Coral Reef NOAA
 
December 18, 2014  

NOAA Scientists Go to Extremes to Study Deep-Sea Coral


submersible being lowered to the water's surface from a ship crane and a close up of a scientist sorting specimens collected on a mission
The Jason II preparing for a dive and scientists sorting specimens retrieved during the mission. Photo credits: Art Howard

Share |

A team of scientists aboard the NOAA Ship Ronald H. Brown returned on November 23 from a 15-day expedition to explore previously uncharted deep-sea coral ecosystems from Pourtales Terrace off the Florida Keys to the Jacksonville Lithoherms.  Explorations were conducted using Woods Hole Oceanographic Institution's remotely operated vehicle, Jason II. The expedition, called Extreme Corals 2010, was sponsored by NOAA's Deep Sea Coral Research and Technology Program and was the final field effort in year two of a three-year mission focused on the southeast region of the United States.  During the transit to the first Atlantic Ocean site, one ROV dive was made at a recently discovered deep coral site in the Gulf of Mexico off Tampa. 

The expedition was developed in consultation with the South Atlantic Fishery Management Council and concentrated on the new Coral Habitat Areas of Particular Concern established in July. This year's mission was the first time many of these reefs had been seen by scientists.

"Deep-sea coral reefs are some of the oldest and most fragile, yet least studied habitats on the planet. Attaining a balance between protection and use of these areas is critical, and this expedition will advance our knowledge of and promote effective management strategies for these important ecosystems."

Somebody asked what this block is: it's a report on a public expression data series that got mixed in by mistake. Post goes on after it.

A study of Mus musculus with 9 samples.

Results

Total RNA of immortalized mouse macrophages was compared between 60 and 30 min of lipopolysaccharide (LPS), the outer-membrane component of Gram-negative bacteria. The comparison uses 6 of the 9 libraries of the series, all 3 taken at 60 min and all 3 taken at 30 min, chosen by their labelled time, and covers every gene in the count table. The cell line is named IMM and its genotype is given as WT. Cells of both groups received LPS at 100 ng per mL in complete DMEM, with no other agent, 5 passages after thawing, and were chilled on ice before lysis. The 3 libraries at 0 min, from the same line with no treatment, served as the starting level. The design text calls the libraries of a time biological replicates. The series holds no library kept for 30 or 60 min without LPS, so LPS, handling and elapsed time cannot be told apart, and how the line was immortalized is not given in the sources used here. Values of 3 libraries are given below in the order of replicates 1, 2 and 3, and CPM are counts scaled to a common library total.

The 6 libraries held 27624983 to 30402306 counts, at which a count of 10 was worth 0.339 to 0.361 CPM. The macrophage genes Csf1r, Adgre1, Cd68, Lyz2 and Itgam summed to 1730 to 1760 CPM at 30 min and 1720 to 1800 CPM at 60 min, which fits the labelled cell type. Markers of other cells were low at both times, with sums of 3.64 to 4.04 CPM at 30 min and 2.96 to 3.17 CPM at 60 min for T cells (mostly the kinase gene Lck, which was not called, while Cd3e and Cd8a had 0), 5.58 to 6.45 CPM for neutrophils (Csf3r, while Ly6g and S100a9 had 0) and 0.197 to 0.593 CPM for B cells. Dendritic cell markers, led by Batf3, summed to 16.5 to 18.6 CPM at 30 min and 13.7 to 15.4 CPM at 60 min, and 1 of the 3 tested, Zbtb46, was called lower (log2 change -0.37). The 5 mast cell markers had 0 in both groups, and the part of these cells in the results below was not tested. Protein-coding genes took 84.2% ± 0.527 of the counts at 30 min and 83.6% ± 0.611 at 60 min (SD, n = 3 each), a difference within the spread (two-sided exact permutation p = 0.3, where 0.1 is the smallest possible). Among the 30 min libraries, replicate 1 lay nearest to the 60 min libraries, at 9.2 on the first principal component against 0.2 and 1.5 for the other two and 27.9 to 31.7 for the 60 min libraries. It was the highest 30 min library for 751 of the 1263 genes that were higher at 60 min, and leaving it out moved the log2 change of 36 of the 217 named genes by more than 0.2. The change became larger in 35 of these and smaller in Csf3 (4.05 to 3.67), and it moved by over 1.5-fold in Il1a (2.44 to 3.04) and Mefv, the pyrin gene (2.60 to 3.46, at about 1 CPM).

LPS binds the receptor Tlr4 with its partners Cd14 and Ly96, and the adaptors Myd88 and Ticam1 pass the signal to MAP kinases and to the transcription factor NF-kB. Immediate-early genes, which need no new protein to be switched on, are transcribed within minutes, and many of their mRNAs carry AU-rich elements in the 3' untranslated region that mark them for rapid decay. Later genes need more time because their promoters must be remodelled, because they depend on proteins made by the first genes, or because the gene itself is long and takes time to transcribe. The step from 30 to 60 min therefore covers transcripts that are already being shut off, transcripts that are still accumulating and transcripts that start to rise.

— Andrew David, NOAA research fishery biologist.

Like shallow tropical corals, deep-sea corals provide habitat for fish and other marine life. Recent research has revealed the ecological importance of deep-sea coral communities and the threats they face, such as bottom-tending fishing gear. Sound management of these ecosystems requires scientifically based information.

"Because these deeper regions are at increased risk of exploitation, their ecological role and value need to be better understood," said expedition chief scientist Dr. Steve Ross of the University of North Carolina Wilmington. "These ecosystems represent thousands to millions of years of development and once damaged, they may never recover," said Ross.

Several discoveries were made during the expedition, including the location of a deep coral ecosystem at a depth shallower than previously known in the southeastern US, probably due to a localized and persistent upwelling of cold, nutrient rich bottom waters.  This and other findings may, "help federal managers refine the protected areas and include some of the new reefs that were discovered," Ross added.

Partners in this mission included the Cooperative Institute for Ocean Exploration, Research and Technology, Marine Conservation Biology Institute, the US Geological Survey, and several other government and academic organizations.